Republicans are trying to flip control of the Virginia House of Delegates, and Democrats are trying to hold onto control with every seat on ballots Tuesday.
Democrats hold a 10-seat majority in the chamber going into election day, which means Republicans would need to flip six seats to take control or five to have a 50-50 split. Recent polls have shown Republicans and Democrats neck-and-neck statewide for House elections, similar to the virtual tie between gubernatorial candidates Glenn Youngkin and Terry McAuliffe.
Republicans had held a majority in the chamber for nearly three decades, but Democrats began chipping away at the lead in the 2017 election, in which the party flipped 15 seats, and eventually took control of the chamber in 2019, in which they flipped another six. Previously, Republicans had a majority between 1991 and 2019.
“We’re optimistic that we’re going to win back a number of seats that have flipped to Democrats in recent years,” Garren Shipley, the communications director for House Minority Leader Todd Gilbert, R-Shenandoah, told The Center Square.
“We have a fantastic slate of candidates, and they’ve all been working extremely hard to highlight the differences between themselves and their opponents,” Shipley said. “More specifically, voters recognize that Democrats have made our schools less safe by ending mandatory reporting of sexual battery, releasing dangerous criminals from prison, and treating police like the enemy. They’ve seen Democrats make life more expensive by raising the gas tax and sticking families with power bills higher by $800. Voters don’t like what they’re getting from Democrats, and for good reason.”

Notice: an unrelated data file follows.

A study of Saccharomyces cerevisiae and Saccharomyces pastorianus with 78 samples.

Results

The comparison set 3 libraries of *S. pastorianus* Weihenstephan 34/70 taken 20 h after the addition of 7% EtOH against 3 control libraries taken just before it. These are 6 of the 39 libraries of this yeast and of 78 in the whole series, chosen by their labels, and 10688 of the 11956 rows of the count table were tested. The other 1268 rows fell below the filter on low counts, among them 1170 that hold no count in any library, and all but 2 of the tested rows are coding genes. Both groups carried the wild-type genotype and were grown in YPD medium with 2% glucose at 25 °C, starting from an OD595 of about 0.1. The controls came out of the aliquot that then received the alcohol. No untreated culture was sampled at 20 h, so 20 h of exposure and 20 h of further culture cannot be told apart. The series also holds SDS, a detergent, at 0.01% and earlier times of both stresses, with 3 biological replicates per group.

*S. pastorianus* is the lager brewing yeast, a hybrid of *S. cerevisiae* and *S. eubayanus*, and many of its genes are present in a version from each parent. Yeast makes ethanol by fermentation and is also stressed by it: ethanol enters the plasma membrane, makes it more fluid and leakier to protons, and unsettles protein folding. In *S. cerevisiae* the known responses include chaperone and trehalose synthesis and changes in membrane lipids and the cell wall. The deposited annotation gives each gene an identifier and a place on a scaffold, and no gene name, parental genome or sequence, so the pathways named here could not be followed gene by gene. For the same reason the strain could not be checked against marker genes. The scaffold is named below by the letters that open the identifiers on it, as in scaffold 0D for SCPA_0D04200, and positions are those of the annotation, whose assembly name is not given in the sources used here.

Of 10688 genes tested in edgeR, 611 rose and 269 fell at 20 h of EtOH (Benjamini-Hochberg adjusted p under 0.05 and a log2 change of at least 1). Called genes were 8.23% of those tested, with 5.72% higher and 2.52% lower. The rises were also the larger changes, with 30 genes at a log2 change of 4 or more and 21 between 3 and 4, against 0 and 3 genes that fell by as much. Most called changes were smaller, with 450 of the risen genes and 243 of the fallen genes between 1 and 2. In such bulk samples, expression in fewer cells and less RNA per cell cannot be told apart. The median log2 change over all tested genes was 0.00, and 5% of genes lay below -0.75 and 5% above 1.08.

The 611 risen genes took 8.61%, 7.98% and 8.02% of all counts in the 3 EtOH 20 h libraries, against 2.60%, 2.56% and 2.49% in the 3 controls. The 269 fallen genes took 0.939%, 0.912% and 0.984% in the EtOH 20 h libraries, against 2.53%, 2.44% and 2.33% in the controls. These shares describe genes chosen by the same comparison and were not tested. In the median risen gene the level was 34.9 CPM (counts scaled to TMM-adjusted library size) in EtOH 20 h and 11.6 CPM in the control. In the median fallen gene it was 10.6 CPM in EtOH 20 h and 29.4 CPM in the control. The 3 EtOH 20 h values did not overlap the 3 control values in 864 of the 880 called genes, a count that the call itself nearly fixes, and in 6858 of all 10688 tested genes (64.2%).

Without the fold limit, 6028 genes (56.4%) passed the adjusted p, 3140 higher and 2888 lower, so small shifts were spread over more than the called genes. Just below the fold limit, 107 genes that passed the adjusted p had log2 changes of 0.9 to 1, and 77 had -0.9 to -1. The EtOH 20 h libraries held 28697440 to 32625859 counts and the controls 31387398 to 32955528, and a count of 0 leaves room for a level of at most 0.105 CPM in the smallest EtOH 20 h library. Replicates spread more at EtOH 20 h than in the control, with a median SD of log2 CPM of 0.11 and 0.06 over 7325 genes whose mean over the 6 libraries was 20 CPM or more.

After gaining control of the chamber, the Democratic majority in the chamber was able to pass a host of bills they had not been able to get through under Republican leadership. Some of their priorities included stricter gun control laws, legalizing marijuana, more authority for local governments to impose higher taxes, authority for local governments to permit collective bargaining of public workers, a minimum wage hike, criminal justice reform and harsher environmental regulations. They also voted to end qualified immunity for police officers, but the measure failed to get support from moderate Democrats in the Senate.
Republicans have been critical of some of the Democratic measures and have argued for lower taxes, a more diversified energy sector, lower regulations and more parental authority over public education. Republicans have also run on supporting the police and have accused Democratic lawmakers of not standing with the police because of some of the criminal justice reform legislation.
The Center Square reached out to a spokesperson for House Speaker Eileen Filler-Corn, D-Fairfax, but did not get a response by the time of publication.
The election will Nov. 2 and early voting ends Saturday.